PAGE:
A guide from Patrick Fitzgerald-Lombard O.Carm
The Lectionary now omits chapter 6 of John's Gospel. Here at Passover, the crowds are fed by Jesus with just a few loaves and fish. This leads into the great Bread of Life discourse.
Not surprisingly perhaps, this discourse was thought to be more suitable for the Easter Season.
Parts of chapter 7 of the Gospel are read on Friday and Saturday.
On Friday: Jn 7,1-2.10.25-30
On Saturday: Jn 7,40-52
In order to put the readings into context, we need first to read the whole chapter, 7,1-52, and so have an overview.
The setting is the Jewish feast of booths or Tabernacles, the time when Jews even today recall the experiences of their people in the desert following the exodus from Egypt. Water and light are both important in the symbolism of this feast, both seen as being life giving.
This is not an easy chapter to summarize. One approach is to follow the changes of audience. This has the advantage of gauging their different reactions to Jesus, an important starting point for Lectio Divina:
7,1-10: Jesus and his (disbelieving) brothers (who may be taken as his extended family).
7,11-19: Jesus and the Jews with Jesus' response in verses 16-19
7,20-31: The crowd answered with Jesus reply in verses 21-24 and, to the Jerusalem part of the crowd, in verses 28-29
The rest of the chapter centres on the Pharisees and the Temple Police (verses 32 and 45-52). From this comes Saturday's reading so we will consider it tomorrow.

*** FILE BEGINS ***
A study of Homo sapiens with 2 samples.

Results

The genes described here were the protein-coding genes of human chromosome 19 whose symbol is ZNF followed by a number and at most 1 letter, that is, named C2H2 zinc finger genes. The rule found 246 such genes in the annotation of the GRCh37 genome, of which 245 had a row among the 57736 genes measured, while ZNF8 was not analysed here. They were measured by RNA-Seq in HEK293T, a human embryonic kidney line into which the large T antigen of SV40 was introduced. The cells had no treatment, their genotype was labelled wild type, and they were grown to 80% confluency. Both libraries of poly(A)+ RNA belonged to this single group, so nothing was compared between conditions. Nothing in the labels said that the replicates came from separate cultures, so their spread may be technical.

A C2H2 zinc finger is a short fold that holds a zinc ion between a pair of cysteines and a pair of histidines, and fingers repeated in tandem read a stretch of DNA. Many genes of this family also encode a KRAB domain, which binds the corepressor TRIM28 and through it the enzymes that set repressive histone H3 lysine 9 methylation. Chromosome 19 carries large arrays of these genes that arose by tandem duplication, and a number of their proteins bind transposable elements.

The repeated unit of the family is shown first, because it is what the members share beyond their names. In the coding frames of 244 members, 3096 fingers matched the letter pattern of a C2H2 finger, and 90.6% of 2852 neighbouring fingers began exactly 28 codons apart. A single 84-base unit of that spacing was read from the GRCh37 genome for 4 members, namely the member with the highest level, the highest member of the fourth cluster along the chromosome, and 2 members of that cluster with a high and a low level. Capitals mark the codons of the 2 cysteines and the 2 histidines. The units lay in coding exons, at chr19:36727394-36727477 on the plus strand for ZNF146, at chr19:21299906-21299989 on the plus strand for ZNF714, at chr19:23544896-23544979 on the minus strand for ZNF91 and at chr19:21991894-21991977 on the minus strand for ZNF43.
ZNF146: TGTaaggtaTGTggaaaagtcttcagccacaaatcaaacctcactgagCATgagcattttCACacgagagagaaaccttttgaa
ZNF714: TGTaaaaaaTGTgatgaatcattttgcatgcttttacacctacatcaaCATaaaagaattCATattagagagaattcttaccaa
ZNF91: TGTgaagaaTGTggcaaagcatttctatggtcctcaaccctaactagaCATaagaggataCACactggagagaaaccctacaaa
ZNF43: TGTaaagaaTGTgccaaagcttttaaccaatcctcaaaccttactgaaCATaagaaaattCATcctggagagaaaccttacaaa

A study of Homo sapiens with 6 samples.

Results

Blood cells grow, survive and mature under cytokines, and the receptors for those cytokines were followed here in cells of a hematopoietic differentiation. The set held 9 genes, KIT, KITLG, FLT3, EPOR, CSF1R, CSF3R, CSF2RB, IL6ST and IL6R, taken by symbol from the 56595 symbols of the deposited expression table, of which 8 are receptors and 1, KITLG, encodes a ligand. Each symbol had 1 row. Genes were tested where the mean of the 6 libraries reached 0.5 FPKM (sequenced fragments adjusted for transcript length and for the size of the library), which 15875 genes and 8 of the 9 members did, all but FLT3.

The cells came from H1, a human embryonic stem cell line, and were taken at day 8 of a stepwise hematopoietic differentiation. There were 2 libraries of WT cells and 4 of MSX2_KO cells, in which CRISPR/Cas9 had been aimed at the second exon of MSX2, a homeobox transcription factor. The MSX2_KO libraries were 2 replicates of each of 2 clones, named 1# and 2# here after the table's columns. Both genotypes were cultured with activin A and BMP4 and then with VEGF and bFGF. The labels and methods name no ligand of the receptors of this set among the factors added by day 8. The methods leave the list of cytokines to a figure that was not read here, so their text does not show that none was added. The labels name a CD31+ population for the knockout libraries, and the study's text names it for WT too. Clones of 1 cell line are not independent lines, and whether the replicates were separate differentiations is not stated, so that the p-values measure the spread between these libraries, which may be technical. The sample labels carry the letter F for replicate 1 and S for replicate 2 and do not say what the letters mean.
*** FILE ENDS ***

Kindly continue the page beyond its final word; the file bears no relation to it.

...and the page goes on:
The Gospel for today is therefore a carefully edited selection from the first half of the chapter, verses 1-2.10 and 25-30.
Omitted is the disagreement between Jesus and his bothers. There is just one mention of them, though their presence needs explanation as above to a Catholic congregation.
The first part of the chapter therefore gets Jesus to Jerusalem for the feast of Tabernacles.
The core of the reading is therefore 7,25-30. Verse 31 is omitted with its conclusion that many in the crowd believed in Jesus. In this verse, signs are mentioned because, as I have said, signs are works (verse 21) which lead to believing in Jesus.
The result is a focus on those from Jerusalem who reject Jesus because they think they know his origins (verse 27). In all the Gospels, it is Jerusalem which rejects Jesus.
Jesus replies in verses 28 and 29 that there is more going on than they realise. Jesus' unknown origins are from the one who sent him, the one who is true (mistranslated in the Lectionary). That truth makes Jesus the unique revealer of God and truth is an important theme of this Gospel, with its climax in Jn 18,37-38.
This claim of his origins leads to the rejection of Jesus in verse 30 as it has done before, Jn 5,19.
However, the hour of Jesus has not yet come, as it will in Jn 13,1.
Today, the Gospel is the last scene in the chapter, Jn 7,40-52.
The second half of chapter 7 is framed by two scenes involving the Pharisees and their officers. The officers are sent to arrest Jesus in verse 32 and report their failure in verses 45-46.
In between, there is the great proclamation by Jesus that all who are thirsty can come to him, 7,37-39. From his heart will flow living water as it will after his death (Jn 19,34) referring to the giving of the Spirit. This is a Gospel proclaimed at Pentecost therefore.
This is followed by the different reactions of the crowd. The crowd is an important character in all the Gospels, often fickle.
Today's Gospel then indicates that the officers were among those convinced by Jesus, verse 46. This is then rejected by the Pharisees as a whole. There is a reaction from Nicodemus who came to Jesus by night in chapter 3. Here, he continues to refuse to commit himself one way or another.
The Lent presentation of chapter 7 is therefore edited to highlight the continuing controversy and rejection which Jesus is causing by his teaching. The plot thickens as we head towards Holy Week.